TIME, POSEIDON, ALCADIA, SCIPIO and Swiss Ami: Trials Offer New Insights Into Cell Therapies for Treating CVD

Two separate trials released on Nov. 5 as part of AHA 2012 and published simultaneously in the Journal of the American Medical Association offer continued insights into ways stem cells and bone marrow cells can be used to treat cardiovascular disease (CVD).

In the TIME trial, intracoronary autologous bone marrow mononuclear cell (BMC) treatment was found to have no overall effect on global and regional left ventricular (LV) function during the six months following myocardial infarction (MI). "To our knowledge, TIME is the first cardiovascular cell therapy trial that was specifically designed to determine whether the timing of BMC administration after primary PCI influences LV functional recovery," the study investigators said. "There was no overall effect of BMC treatment on this ongoing improvement at six months vs. placebo despite previous supportive clinical data. Additionally, the day of cell delivery did not demonstrate an effect on the recovery of LV function or on LV volumes or infarct size." However, study investigators did note that young patients randomized to BMCs had significant improvement with left ventricular ejection fraction (LVEF) at seven days following the procedure compared with placebo.

Meanwhile, results from the POSEIDON trial indicated that transendocardial injection of allogeneic and autologous mesenchymal stem cells (MSCs) without a placebo control were both associated with low rates of treatment-emergent serious adverse effects, including immunologic reactions, in patients with ischemic cardiomyopathy (ICM). The one-year incidence of serious adverse events was 33.3 percent (n=5) in the allogeneic group and 53.3 percent (n=8) in the autologous group (P=.46). The study also showed that allogeneic and autologous MSCs reduced mean early enhancement defect (EED) by -33.21 percent (95 percent CI, -43.61 percent to -22.81 percent; P<.001) and sphericity index, but did not increase ejection fraction (EF).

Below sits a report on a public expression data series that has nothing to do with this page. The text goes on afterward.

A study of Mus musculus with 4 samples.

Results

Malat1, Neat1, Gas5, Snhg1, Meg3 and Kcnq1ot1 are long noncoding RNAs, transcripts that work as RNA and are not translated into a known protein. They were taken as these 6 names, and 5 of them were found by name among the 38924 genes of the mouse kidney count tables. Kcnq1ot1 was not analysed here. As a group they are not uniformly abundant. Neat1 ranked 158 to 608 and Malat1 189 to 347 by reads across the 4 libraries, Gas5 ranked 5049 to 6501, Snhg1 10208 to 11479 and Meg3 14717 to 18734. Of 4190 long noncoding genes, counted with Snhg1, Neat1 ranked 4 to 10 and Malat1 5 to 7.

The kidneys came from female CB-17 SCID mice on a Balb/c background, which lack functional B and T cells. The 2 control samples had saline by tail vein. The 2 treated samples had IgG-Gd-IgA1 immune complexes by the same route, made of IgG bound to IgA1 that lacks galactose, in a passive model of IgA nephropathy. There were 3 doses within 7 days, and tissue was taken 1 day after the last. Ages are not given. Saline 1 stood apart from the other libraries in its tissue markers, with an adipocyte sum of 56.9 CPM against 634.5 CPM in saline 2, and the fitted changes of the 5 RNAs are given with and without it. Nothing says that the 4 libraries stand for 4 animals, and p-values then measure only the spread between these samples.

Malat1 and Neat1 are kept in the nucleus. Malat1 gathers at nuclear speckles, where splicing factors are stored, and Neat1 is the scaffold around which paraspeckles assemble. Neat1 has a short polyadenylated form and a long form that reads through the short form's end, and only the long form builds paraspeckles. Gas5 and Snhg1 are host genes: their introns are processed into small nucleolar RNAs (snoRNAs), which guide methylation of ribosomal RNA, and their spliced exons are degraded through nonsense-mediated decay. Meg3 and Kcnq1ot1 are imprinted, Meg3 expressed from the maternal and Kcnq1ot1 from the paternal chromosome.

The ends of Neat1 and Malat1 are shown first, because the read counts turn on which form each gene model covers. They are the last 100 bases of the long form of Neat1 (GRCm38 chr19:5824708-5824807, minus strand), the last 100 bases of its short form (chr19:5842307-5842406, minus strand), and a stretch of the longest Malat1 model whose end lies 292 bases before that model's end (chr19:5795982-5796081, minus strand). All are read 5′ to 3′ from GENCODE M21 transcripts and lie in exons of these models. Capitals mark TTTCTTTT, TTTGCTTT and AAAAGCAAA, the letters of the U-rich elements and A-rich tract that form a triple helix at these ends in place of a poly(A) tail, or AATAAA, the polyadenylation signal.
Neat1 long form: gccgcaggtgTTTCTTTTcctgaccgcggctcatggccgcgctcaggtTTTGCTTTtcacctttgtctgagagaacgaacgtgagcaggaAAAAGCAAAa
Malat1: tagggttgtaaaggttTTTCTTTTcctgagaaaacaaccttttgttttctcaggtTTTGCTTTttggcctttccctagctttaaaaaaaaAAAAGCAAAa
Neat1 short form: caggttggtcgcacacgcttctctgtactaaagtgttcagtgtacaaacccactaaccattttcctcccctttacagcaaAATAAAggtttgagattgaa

"Both MSCs favorably affect cardiac structure and function, patient functional capacity and quality of life," the study investigators said. Looking forward, "these data have implications for cell-based therapy including the possibility of allogeneic MSCs as an ‘off-the-shelf’ therapeutic," they said.

Three other studies were also presented on Nov. 6 at AHA 2012. 


In the Swiss Acute Myocardial Infraction (AMI) trial, patients with STEMI and LV dysfunction following reperfusion with percutaneous coronary intervention (PCI), intracoronary infusion of bone marrow derived mononuclear cells (BM-MNC) either five to seven days or three to four weeks after AMI, did not see improvement in LV-function at four months. With a baseline LVEF of 37.4 percent, results showed the absolute change in LVEF in four months was -0.4±8.8 percent (mean±SD; p=.74 versus baseline) in the control group, 1.8±8.4 percent (p=0.12 versus baseline) in the early group and 0.8±7.6 percent (p=0.45 versus baseline) in the late group. There was no significant difference seen for the between-group in relation to the secondary endpoints between the control and both therapy groups; however, the mean difference for the between-group was -2.1 percent; 95 percent CI, -5.27 to 0.99; p=0.18 (early vs. control) and -1.2 percent; 95 percent CI, -4.32 to 1.91; p=0.45 (late versus control).